By Chuck Stead
Every Valentine’s Day Walt went down to Trudie’s Drug Store in Suffern and bought Tessie a big heart shaped box of chocolate stuffed with various gooey, nutty, sugared innards. For a few days afterward we all pinched and poked the underbelly of the little chocolates seeking caramel or nut and avoiding coconut and strawberry, until the once paper-collared candies looked like the scattered fragments of a mistake. This Valentine’s Day was different. My mom Tessie was in the hospital as her thyroid had been acting up and they wanted her in for a day of observation. I did not know what a thyroid was. Walt told me it meant she was low in iron. This only confused me more. I tried to explain to Ricky Cramshaw that my mom was low in iron and he thought I was low in brains.
“Folks don’t got iron in them. If they did, magnets would stick to them.”
I told him it was her thyroid that wasn’t working right so he went off to ask his grandma what that meant. Old Grandma Lillian Cramshaw knew a lot of strange things. We figured if my mom’s thyroid needed to get some iron in it the old grandma would know how to get it in there.
Walt was taking Ricky and me to pick my mom up at the little Tuxedo Hospital on Valentine’s Day. He suggested I make her a card. The only thing I could think of for a card was a drawing of a heart but I also thought there should be some sort of iron in this heart, too. Walt went into Suffern and picked up her heart shaped box of gooey chocolates, and by the time he returned I had decorated the rim of my heart shaped card with staples, in keeping with her theme of needing some iron. I knew staples weren’t exactly iron but I figured the idea was similar.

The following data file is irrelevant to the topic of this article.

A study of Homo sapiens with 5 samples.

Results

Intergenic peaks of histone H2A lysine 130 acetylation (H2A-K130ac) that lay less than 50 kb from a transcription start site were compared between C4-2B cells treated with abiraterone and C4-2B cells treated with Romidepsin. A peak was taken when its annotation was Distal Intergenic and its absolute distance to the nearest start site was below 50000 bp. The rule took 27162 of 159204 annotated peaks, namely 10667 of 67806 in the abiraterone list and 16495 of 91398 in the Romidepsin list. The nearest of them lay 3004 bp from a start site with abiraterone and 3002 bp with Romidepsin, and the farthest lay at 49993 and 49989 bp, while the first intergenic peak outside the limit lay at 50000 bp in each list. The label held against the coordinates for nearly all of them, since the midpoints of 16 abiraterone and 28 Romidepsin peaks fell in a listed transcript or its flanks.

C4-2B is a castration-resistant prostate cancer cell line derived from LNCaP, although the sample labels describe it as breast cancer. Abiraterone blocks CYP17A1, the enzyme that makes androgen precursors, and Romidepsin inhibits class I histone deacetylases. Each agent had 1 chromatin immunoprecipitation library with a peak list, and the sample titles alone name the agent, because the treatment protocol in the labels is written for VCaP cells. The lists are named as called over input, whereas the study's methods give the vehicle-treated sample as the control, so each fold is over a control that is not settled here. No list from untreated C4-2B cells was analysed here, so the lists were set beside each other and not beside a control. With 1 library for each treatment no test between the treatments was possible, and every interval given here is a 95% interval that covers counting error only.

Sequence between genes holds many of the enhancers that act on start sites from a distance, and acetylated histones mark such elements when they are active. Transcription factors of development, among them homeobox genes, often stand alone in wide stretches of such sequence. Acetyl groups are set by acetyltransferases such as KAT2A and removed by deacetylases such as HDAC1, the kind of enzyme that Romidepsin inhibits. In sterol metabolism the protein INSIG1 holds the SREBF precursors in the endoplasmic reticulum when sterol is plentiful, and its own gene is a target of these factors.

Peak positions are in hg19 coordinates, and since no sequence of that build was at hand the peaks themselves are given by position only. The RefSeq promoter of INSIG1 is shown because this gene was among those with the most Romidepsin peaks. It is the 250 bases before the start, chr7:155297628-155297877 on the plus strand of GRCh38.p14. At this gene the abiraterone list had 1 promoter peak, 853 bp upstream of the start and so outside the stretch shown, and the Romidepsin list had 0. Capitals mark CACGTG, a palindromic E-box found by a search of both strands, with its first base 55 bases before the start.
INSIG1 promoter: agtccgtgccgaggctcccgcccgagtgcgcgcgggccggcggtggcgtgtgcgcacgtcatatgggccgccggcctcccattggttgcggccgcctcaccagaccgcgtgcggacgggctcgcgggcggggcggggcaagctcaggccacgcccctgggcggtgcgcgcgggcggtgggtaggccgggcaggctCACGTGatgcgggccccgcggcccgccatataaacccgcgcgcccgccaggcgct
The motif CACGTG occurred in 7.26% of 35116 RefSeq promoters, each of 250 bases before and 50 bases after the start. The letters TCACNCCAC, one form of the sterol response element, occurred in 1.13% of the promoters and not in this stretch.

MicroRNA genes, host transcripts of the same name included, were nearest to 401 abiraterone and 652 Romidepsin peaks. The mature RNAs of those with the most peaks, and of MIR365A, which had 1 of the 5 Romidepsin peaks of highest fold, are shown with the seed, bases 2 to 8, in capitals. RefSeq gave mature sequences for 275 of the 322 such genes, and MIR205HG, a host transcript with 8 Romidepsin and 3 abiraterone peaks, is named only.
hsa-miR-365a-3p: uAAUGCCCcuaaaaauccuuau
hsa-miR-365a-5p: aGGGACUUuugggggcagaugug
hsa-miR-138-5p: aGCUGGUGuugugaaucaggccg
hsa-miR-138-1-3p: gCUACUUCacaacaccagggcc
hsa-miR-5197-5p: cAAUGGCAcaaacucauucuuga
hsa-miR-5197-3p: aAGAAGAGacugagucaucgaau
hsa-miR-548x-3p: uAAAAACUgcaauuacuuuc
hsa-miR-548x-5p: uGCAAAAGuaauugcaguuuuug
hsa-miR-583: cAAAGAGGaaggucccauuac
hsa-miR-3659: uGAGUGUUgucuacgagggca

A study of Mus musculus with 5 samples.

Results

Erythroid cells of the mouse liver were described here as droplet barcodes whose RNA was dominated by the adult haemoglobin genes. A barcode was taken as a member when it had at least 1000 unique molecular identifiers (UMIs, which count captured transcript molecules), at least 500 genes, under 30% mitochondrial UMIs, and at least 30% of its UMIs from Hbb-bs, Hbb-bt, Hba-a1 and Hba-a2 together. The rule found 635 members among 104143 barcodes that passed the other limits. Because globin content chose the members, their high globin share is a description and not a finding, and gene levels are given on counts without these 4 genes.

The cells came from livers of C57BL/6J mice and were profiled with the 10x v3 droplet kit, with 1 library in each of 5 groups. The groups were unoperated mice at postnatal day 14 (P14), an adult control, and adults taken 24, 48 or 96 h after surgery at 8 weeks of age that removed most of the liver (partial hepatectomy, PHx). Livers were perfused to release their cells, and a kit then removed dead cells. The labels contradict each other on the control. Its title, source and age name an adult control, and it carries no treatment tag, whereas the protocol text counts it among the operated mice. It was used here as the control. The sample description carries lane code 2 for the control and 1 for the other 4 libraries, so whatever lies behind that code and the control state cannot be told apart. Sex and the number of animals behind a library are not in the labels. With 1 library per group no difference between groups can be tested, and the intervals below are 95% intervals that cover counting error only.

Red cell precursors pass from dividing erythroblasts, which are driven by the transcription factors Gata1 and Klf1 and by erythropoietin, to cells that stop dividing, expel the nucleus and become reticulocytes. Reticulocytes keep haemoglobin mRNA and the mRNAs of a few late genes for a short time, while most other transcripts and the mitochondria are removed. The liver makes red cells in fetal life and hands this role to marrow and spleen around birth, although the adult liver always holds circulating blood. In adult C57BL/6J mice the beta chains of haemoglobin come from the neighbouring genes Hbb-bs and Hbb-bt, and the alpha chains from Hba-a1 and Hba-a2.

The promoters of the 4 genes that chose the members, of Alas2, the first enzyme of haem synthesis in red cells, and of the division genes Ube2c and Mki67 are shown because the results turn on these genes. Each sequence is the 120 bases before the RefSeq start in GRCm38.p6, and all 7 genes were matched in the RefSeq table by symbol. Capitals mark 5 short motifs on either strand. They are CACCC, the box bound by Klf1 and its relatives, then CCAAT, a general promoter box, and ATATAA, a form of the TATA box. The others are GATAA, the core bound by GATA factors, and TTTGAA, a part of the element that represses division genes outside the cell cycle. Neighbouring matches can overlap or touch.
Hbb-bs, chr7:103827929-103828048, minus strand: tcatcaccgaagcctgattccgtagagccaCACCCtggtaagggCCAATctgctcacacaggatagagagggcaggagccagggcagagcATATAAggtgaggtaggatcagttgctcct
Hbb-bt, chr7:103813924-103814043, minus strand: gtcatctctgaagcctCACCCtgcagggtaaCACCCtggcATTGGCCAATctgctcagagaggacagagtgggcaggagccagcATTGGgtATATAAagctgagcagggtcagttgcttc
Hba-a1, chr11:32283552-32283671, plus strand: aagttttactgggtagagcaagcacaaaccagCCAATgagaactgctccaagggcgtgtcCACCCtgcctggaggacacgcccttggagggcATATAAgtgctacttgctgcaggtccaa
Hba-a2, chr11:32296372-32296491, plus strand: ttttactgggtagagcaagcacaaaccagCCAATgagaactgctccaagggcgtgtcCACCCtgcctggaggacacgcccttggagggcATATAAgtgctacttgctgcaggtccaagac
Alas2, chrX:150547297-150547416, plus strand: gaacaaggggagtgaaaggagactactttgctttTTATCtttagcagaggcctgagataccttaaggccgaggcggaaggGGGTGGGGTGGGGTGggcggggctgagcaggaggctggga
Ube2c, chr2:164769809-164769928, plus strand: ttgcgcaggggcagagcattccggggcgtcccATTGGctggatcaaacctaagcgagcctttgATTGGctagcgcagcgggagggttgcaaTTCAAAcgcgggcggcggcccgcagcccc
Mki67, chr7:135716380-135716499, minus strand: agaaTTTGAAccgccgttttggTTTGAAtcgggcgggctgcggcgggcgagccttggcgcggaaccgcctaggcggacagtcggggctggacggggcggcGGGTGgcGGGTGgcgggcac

Rick and I jumped into the Chevrolet and he pulled from his coat pocket a little jar of some gritty, smelly stuff. He said it smelled like Christmas and shoved in under my nose. He was right – it had the thick odor of Christmas trees. He said his grandmother made it to help Tessie get iron back into her blood. When we arrived at the Tuxedo Hospital up on the hill over the village, we found Tessie sitting in a vinyl chair by a window in the sun. She was smoking a cigarette. She was annoyed. She had that “I’m fed up with the world” face on. She told us she wanted some tea before leaving, then she got up and crossed over to the white Formica coffee table and stamped out her cigarette in a plaid, bean bag ash tray. The top of the little bean bag had a metal ash tray in it. When she pressed the cigarette into the tray the bean bag squashed to one side. Walt got her a cup of hot water but before he could put the tea bag in it Ricky gave him the little jar of pine stink. He said Tessie was supposed to drink it in hot water. Walt took out his knife and dug a dab of gritty pine goo out of the jar and stirred it into the hot water. It didn’t mix in well but the water did turn a muddy color and it offered up a thick aroma of pine sap. Walt handed the cup to Tessie. She stared down into the nasty drink and shook her head.
Walt said, “Ricky’s grandmother says it’s good for your iron-poor blood.”
“What’s in it?”
“Looks like pine tar.”
“Tar?” Ricky said, “You mean like road tar?”
“No, it’s a sticky sap kind of tar”
We all stared at the strong bitter sludge in her plastic cup. Walt said, “It’s good for patching a hole in your boat, too.”
Tessie looked at him and said, “A hole in my boat?”
He said, “Yup. Sip a little, it can’t hurt you.”
She raised the cup to her lips and took the tiniest sip. She told us it was bitter and could use sweetening. Then she got brave and took a big sip. Suddenly she coughed violently and out flew a chunk of pine tar. It shot across the coffee table and landed like a bullet in the metal top of the bean bag ash tray. We all stared at it and Ricky shouted, “Good shot, Tessie! Happy Valentine’s Day!”